For Dexter, Judy Jones is the epitome of the "glittering things and glittering people" of the world of wealth that he covets. It is around her that Dexter creates his "winter dreams." When he first sees the young Judy, Dexter comprehends the power that wealth seems to bestow upon all it touches.
After Dexter makes his fortune, he returns and circumstances bring Judy into his life again, but his dream is ephemeral as she pours kisses upon him when she learns that he is rich, but then flirts with other men. Nevertheless, Dexter "surrendered a part of himself to the most..unprincipled personality with which he had ever come in contact." Judy possesses an excitability that Dexter finds exquisite, but she is only entertained by having her own desires gratified. Despite his disillusions with Judy's world, Dexter cannot be cured of his illusions about Judy.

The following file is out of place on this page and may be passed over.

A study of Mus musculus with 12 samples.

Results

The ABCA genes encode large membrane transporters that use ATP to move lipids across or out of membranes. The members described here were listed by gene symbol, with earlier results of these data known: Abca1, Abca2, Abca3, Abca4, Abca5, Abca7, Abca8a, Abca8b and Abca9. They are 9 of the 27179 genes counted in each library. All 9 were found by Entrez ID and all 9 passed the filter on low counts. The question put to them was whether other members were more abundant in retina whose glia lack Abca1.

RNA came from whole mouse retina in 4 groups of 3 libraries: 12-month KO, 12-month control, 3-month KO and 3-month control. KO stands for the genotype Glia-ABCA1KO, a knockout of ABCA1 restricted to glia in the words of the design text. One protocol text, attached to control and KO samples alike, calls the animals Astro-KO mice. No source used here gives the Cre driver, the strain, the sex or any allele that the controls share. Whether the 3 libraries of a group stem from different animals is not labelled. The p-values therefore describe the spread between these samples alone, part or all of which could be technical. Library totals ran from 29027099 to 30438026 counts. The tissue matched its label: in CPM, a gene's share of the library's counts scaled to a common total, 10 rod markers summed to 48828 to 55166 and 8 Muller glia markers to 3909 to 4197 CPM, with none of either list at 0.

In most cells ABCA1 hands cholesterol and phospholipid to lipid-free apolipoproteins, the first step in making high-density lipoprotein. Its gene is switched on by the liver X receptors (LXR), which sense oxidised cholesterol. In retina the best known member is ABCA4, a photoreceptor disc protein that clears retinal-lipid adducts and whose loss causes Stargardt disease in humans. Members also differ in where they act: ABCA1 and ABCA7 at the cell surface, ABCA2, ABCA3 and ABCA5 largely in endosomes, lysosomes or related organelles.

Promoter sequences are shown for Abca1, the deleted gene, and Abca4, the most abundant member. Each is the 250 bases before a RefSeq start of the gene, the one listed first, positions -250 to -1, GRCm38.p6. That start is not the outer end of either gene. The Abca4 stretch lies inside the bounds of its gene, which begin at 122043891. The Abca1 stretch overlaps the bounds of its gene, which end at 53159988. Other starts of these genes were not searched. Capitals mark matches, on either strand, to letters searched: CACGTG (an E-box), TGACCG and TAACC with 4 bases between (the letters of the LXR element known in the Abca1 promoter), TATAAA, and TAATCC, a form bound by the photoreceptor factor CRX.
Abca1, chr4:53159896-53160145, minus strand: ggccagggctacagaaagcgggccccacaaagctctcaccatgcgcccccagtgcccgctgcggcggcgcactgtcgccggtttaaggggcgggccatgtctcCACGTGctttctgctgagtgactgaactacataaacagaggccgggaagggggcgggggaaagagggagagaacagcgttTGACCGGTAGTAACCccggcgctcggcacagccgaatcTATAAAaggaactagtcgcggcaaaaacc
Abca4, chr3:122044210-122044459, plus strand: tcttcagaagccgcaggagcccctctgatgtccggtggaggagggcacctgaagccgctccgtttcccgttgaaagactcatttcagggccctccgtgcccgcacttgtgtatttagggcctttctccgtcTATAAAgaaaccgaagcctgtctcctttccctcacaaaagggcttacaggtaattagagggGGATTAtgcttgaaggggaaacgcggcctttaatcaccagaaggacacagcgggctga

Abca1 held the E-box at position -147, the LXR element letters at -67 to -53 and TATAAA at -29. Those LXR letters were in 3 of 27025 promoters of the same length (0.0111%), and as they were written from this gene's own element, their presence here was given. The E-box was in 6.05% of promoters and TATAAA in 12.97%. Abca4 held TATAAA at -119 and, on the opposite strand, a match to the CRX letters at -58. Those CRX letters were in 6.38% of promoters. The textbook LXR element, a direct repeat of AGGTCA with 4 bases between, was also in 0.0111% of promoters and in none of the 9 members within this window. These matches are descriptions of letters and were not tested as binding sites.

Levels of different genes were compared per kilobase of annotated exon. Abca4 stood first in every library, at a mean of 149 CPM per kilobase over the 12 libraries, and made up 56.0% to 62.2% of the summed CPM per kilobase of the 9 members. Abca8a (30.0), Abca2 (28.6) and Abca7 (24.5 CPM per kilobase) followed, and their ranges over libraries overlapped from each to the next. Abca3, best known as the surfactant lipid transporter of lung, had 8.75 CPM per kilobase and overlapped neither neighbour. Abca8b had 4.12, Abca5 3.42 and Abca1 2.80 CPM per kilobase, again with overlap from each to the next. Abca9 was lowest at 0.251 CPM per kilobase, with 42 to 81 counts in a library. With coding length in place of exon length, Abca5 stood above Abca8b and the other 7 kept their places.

After Dexter finally despairs of marrying Judy, he becomes engaged to Irene Scheerer; yet, Dexter meets Judy again one night when Irene has a headache. Judy has returned from Florida, and seemingly humble, bemoans that she cannot be happy. "I'd like to marry you, if you'll have me, Dexter." carried off by emotion, Dexter commits himself to his dream. However, it is only a short time before the marriage is over, and Dexter experiences deep pain.
It is several years later before Dexter hears anything about Judy; when he does, it is from a man named Devlin who describes Judy as a faded beauty who is ill-treated by her husband, but she takes the abuse. Angry and feeling a tremendous sense of loss as though something has been taken from him, Dexter recalls the beauty of her neck, the old promise of her kisses, the "plaintive melancholy" of her lovely eyes--"the dream was gone," that certain magic that the rich held for him is lost, and only the solid realities are left to Dexter Green.